ShareAJet bucks the slump in business and luxury travel
Oct 1, 2009 12:00 PM, Richard H. Levey
Private plane travel increases with charter jet brokerages and new aviation firms
At 30,000 feet, a steward offers a perfectly iced martini. The passenger sets it down next to the newest issue of Forbes, stretches out (leg room is not an issue on a private jet) and leans back in his upholstered leather chair, all the while zooming toward his destination at 550 miles per hour.
But these are recessionary times, and the days of the solo private jet are numbered: For today's flight, two groups of strangers share the jet's cabin — and the expenses.
The groups have been brought together by ShareAJet Exchange, a program launched in June by private jet brokerage firm Blue Star Jets. Under ShareAJet, fliers post either itineraries or desired trips and hope to attract fellow travelers.
Under ShareAJet Exchange, fees can be half those of regularly chartered flights. And value and time savings are the two key components of ShareAJet's marketing.
“The rich do spend,” says Sitomer. “However, every day they are reading about the downturn. That makes them cautious.” The company came up with ShareAJet Exchange as a “win-win” for those who wanted some of the experience of private jet ownership.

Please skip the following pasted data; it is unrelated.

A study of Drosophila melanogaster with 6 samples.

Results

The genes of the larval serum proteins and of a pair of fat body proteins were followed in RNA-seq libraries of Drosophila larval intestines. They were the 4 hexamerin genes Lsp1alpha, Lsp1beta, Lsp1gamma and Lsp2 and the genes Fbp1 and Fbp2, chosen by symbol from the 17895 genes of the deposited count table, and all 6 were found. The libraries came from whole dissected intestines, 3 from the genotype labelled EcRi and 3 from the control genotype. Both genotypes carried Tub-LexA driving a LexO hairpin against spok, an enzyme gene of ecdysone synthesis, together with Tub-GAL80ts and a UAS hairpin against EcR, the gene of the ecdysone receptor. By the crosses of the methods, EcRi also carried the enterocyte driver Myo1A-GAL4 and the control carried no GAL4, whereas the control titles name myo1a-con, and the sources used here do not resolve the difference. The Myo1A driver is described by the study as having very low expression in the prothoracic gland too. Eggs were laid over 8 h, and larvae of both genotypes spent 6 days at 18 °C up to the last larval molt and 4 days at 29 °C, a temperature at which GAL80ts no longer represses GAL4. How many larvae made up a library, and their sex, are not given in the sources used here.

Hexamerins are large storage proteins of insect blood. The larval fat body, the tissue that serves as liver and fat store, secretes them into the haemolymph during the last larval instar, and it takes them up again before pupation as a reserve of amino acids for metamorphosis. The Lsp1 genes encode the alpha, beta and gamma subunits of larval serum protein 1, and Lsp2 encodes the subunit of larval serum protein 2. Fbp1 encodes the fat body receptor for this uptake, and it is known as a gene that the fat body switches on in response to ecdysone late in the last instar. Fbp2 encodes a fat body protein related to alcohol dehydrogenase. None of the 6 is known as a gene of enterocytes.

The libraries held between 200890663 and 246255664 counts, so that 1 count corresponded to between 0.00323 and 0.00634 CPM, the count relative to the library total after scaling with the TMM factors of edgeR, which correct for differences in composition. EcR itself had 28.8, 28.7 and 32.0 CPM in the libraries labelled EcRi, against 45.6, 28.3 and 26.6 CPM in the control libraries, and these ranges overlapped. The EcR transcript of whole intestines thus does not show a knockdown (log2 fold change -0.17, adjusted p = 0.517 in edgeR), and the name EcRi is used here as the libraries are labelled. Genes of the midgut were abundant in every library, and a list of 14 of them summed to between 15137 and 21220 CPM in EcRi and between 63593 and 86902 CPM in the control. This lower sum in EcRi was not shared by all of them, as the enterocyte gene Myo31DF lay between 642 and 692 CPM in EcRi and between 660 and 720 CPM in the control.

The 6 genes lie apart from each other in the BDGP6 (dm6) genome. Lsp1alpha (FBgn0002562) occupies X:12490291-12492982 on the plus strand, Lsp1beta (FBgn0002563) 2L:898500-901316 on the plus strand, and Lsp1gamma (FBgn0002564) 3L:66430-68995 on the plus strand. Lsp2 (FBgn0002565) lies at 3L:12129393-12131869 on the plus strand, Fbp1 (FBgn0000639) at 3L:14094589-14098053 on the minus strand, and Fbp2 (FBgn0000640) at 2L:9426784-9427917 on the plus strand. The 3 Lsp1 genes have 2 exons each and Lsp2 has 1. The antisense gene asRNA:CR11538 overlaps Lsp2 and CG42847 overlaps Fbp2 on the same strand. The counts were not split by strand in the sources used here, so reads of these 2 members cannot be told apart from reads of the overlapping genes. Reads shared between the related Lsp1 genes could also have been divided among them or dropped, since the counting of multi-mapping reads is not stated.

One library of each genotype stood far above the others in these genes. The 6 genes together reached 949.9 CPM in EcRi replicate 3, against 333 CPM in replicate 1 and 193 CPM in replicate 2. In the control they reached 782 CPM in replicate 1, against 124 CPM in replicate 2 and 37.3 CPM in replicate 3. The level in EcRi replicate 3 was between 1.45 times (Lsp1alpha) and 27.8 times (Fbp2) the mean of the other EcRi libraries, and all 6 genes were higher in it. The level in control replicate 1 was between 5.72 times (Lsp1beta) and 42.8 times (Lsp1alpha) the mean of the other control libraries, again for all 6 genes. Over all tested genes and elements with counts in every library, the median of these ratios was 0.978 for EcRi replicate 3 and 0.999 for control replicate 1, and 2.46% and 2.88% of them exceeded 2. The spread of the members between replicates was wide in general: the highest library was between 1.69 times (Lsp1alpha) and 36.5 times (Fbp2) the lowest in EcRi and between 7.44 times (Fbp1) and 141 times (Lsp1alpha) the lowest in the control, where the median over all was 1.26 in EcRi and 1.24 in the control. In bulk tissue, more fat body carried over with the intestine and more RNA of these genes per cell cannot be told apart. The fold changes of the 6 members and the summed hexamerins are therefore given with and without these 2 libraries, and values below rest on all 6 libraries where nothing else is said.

Spending by the wealthy is a leading indicator, says Sitomer, and he has seen some loosening of purse strings since the first half of the year. “Since business has picked up, we have increased our marketing efforts,” he adds.
Spring has also arranged for Blue Star to become the preferred supplier to travel agent groups, which feature the brokerage firm in their own marketing initiatives. And inclusion within a top-level Neiman Marcus loyalty program reward package (collected by a customer who earned 5 million program points) didn't hurt the company's image, either.
Not that traditional media didn't get its share. Sitomer ran six large ads in consecutive editions of the Sunday New York Post.
Three months after ShareAJet Exchange's launch, the program boasts 1,500 people logging on. Sitomer expects this number to reach between 6,000 and 7,000 by the end of winter, as the affluent take their traditional holiday trips.